In a roomful of busy and chattering children, 10-year-old Taylr Heinrich talked with enthusiasm about skating, swimming and taking trips to the Arts & Science Center for Southeast Arkansas. Those are among the sorts of activities that she may be doing with the Boys & Girls Club of Jefferson County this summer.
But Taylr said she’s doing school work, too, during the summer at the club.
“It makes you get ready for the next grade,” said Taylr, who lives in White Hall, on a Thursday afternoon at the Boys & Girls Club’s Townsend Park unit.
The Boys & Girls Club’s summer program runs 7:30 a.m. to 5:30 p.m., Monday through Friday, from June 11 to Aug. 3, at the Townsend Park location at 2701 Short Reeker St. It runs from 9 a.m. to 4 p.m., Monday through Friday, from June 18 to July 20, at the First United Methodist Church site on 200 W. 6th Ave. in Pine Bluff. The summer program fee is $35 per week, per child, and the children must have a $25 per year membership to participate. Officials say that families with three or more children may be eligible for price reductions in the summer program fee.
Nyeshia Aldridge, CEO of the Boys & Girls Club of Jefferson County, said the academic part of the summer’s agenda is called Summer Brain Gain, defined on the Boys & Girls Clubs of America as a “learning loss prevention program.”
Avoiding the summer slide
“We don’t want any of our members to lose what they’ve learned throughout the school year during the summer,” Aldridge said, during an interview in the Townsend Park location. “The goal is to keep them on track to graduate.”
The form that such academic work may take, though, doesn’t necessarily look like what the students do during the school year.
“We might take a deck of Uno cards, and then do a math competition and offer incentives for winners,” Aldridge said. “With our younger kids, we might have them identify colors and add the numbers on the cards. It’s about basic math skills.”
Emily Burris, site coordinator at the First United Methodist Church’s Boys & Girls Club location, said teachers from the Pine Bluff Lighthouse Charter School help with learning activities during the summer. The First United Methodist Church location works closely with the Pine Bluff Lighthouse Charter School, and all of its students come from the school.
Burris said students might roll dice and multiply numbers, or read and talk about books of their own choosing. They might do some writing or some worksheets, too, but no grades are involved.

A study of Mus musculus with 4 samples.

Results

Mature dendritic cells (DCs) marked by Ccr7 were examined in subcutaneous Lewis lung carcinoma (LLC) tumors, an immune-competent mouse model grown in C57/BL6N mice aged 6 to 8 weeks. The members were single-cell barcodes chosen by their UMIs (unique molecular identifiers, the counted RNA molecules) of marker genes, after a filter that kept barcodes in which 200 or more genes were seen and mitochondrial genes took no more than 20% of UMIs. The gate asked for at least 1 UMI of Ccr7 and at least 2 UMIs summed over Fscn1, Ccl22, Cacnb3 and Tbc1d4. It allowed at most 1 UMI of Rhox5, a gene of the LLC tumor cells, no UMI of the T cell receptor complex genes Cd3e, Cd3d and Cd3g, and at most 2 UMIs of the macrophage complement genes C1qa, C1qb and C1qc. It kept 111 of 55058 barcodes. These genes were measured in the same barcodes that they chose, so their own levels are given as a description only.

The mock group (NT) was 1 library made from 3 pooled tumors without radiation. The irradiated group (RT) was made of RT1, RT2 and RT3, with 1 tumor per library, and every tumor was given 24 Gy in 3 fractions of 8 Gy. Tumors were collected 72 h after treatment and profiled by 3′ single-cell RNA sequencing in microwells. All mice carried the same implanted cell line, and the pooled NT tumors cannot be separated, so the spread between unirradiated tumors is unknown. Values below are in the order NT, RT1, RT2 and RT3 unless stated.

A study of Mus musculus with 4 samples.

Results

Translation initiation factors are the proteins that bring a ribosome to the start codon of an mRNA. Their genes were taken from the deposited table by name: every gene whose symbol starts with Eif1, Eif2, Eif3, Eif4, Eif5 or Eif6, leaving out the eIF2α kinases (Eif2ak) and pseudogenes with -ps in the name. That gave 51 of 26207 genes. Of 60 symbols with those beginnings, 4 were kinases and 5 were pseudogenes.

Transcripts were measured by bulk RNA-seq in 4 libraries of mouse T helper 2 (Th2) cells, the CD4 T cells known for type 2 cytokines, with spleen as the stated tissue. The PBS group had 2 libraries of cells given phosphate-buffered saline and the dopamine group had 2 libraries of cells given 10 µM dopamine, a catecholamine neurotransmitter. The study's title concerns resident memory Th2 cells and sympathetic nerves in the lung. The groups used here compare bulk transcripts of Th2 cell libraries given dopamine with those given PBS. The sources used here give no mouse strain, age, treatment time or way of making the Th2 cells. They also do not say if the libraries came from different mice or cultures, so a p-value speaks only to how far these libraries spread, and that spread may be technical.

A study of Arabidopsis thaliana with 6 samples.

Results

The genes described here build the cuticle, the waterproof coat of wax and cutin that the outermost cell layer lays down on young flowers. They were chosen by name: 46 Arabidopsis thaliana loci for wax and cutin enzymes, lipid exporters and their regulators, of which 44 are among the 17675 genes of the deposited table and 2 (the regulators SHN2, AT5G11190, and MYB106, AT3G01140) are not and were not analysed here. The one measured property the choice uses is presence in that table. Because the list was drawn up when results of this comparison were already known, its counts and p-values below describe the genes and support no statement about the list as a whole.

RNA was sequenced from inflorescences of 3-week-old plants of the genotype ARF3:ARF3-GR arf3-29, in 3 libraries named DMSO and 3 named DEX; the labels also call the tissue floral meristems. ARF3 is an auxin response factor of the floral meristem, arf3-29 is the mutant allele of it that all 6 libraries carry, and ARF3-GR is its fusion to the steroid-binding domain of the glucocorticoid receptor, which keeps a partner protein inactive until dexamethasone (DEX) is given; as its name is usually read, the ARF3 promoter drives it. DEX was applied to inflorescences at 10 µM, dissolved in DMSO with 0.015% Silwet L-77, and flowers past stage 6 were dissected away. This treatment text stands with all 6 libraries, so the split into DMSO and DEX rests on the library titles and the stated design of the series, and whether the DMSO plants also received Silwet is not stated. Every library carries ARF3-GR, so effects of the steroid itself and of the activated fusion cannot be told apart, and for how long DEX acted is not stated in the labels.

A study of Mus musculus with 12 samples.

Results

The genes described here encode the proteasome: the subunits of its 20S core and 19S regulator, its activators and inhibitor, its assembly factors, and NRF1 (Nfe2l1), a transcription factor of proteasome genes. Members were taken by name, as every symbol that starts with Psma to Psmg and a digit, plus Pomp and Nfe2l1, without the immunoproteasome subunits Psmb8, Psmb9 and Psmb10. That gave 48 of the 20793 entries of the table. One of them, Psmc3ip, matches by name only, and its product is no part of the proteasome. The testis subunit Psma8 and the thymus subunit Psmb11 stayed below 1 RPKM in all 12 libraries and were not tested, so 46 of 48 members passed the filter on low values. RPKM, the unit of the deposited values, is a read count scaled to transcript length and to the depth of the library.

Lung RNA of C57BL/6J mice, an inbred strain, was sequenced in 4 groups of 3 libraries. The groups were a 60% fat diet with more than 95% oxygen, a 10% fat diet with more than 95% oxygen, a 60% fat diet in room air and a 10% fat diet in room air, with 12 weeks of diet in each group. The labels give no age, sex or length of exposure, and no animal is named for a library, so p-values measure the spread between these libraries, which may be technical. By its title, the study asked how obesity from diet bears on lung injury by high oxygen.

“It’s not ‘This is for a grade,’” she said. “‘It’s ‘This is something fun that you can do.’”
The adults helping out the students come from both the Boys & Girls Club’s regular staff other organizations, said James M. Britt, unit director for the Boys & Girls Club of Jefferson County. He mentioned young workers who may come from the Southeast Arkansas Economic Development District, Southeast Arkansas College and the University of Arkansas at Pine Bluff.
Herschel Marcus, an 11-year-old member from Pine Bluff, has noticed the wide variety of staff members.
“Here, if you don’t know how to do it, there will be more than one person to help you,” Herschel said, as he took a break from a basketball game at the Townsend Park location.
Students will also work on gardening over the summer, Aldridge said, as they tend two plots at the First United Methodist Church location – plots they’ve already started – along with a small butterfly garden they plan to start at the Townsend Park unit.
Cooking activities are also on tap, along with field trips, sewing, swimming and other activities.
“We like things that are going to improve the mind, body and soul,” Aldridge said.
Aldridge and Britt underlined the value of having a safe place for children to stay.
“They’re in a safe environment,” Britt said, adding that children tend to come and visit the area from various parts of the country in the summer.
“Most of the kids during the after-school program are the same,” he said. “But we have a variety of kids who come to the summer program.”
Looking to teens
Children from 5 to 18 years old can participate in the Boys & Girls Club, and Britt said most of the children in the summer tend to fall between 9 and 12 years old. Aldridge and Britt said a goal is to attract more teens into the Club.
“Right now we’re looking into transforming one of our areas into a teen room,” Aldridge said, “just to give them a little space so they have ownership of a program.”
Meanwhile, teen members – called junior staff members – do help out at the club. Tatiyana Williams, 16, was at the Townsend Park location on Thursday, leading activities and talking to the younger members.
“Most of them will talk to you and say if something’s wrong,” she said. But sometimes she might come upon a shy child, as well.
“Sometimes you can go up to them and talk to them but they’ll still be shy,” she said. “So later on, maybe they’ll come around. You give them time to get used to you.”
For Tatiyana, who talks about children with a maturity that belies her own age, helping younger children may end up blossoming into a lifelong endeavor.
“I actually want to be a pediatric nurse practitioner,” she said.
It’s one of many dreams that can flourish among children during a warm, and creative, summer.
People seeking information can call the Boys & Girls Club of Jefferson County at 870-850-7500.